Cancer affects everyone – Swansea keeper Carl Rushworth proud to help raise awareness
Carl Rushworth says it will be a proud moment to wear the names of grandparents Francis and Isobelle on his warm-up T-shirt as Swansea raise cancer awareness on Saturday.
Rushworth, the on-loan Brighton goalkeeper who was part of England’s Under-21 European Championship-winning squad last summer, lost two of his grandparents to cancer and Plymouth’s visit to South Wales carries special significance for the 22-year-old.
Swansea have joined with the charity Maggie’s for a ‘Tackling Cancer Together’ campaign and players will warm up ahead of the Sky Bet Championship clash with names of family and friends impacted by cancer printed on their shirts.
The English Football League has approved Swansea wearing the Maggie’s logo on the playing shirt as a one-off, while supporters have shared stories of a disease that now sees one in every two people diagnosed with it at some stage of their lives.
“Everybody knows somebody who’s been affected by cancer or someone who has sadly passed away because of it,” Rushworth told the PA news agency.
“Wearing the shirts and having names of loved ones on the back of them is massive for the players, and also for the fans in bringing the community together.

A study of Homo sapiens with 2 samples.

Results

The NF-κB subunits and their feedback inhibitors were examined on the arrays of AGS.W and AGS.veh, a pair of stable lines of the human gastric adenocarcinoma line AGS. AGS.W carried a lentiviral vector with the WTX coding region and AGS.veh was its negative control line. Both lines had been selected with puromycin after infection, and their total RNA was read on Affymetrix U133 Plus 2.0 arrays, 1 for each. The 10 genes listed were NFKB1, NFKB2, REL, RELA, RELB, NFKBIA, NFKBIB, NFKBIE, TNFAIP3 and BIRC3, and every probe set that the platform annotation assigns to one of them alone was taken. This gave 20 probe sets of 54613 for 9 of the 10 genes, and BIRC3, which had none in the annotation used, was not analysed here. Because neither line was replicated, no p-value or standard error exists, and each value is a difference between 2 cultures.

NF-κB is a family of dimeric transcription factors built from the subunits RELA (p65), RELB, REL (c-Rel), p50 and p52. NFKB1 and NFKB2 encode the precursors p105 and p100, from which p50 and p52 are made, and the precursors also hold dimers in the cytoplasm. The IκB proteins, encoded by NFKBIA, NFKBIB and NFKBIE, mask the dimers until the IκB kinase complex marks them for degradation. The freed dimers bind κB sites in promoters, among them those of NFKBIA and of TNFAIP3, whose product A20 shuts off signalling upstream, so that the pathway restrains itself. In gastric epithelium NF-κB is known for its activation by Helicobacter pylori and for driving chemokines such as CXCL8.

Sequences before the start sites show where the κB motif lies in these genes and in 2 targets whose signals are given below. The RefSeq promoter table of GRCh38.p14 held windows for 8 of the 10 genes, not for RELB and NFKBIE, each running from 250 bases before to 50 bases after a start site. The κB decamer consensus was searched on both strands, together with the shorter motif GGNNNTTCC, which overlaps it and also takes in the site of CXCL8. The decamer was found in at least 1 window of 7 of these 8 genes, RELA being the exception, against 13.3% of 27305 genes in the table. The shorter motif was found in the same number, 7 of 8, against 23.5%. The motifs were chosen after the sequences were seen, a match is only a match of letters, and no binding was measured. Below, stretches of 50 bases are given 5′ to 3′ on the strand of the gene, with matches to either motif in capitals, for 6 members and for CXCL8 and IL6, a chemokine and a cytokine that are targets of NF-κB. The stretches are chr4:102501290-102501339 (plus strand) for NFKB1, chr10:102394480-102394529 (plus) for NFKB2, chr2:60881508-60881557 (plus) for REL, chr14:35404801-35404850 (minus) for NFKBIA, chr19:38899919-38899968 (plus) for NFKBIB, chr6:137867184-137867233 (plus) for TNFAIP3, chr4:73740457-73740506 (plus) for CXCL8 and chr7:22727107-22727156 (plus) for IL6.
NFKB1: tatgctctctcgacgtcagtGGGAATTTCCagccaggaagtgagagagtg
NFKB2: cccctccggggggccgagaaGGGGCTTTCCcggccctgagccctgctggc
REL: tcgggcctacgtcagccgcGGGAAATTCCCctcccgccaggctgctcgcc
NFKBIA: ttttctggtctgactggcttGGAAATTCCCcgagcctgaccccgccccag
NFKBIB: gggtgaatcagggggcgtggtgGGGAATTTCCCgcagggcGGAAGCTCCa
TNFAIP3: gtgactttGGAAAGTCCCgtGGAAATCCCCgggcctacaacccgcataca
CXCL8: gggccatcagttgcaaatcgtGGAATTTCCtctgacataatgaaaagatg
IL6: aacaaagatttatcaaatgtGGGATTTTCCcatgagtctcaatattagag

“It shows we’re all in the same boat and cancer affects everyone. I’ve seen fans telling their stories on social media and the Plymouth game will touch the hearts of the lads.”
Rushworth’s own story is a common tale of loss and tears that devastates families: his grandmother Isobelle died when he was a few months old, his grandfather Francis when he was 12.
“I was really close to my grandad, he was always around the house treating me and my sister when my mum and dad probably didn’t want him to,” said Rushworth.
“He was more into rugby but he was always there at the park when I was diving around the place. He probably pushed me into being a goalkeeper.
“He was a massive part in my upbringing and I was in shock really when he died. As I was growing up it hit me more that he wasn’t there.”
Rushworth has arguably been Swansea’s player of the season after previous loan spells away from the Seagulls at Worthing, Walsall and Lincoln.
Released by Huddersfield at the age of 15 – “it was tough because I felt like I was going to get a new contract and I was confused by that rejection” – Rushworth rebuilt his career at hometown club Halifax before joining Brighton in 2019.
He has since played over 100 games in the EFL, made his U21 international debut and kicked on again at Swansea while working alongside former England and Wales goalkeeping coach Martyn Margetson.
“Every time I’ve been with England it’s been a pleasure, to be around the quality of players there,” said Rushworth.
“I want to see where I’m at, realising that’s Premier League quality or Championship quality and where do I fit in.
“If I do well I can hopefully be in the conversation with England in a few years’ time.
“The peak of any career is to play at international level and it would be foolish if I wasn’t aiming for that. That’s my dream, to play in the Premier League and for England as well.”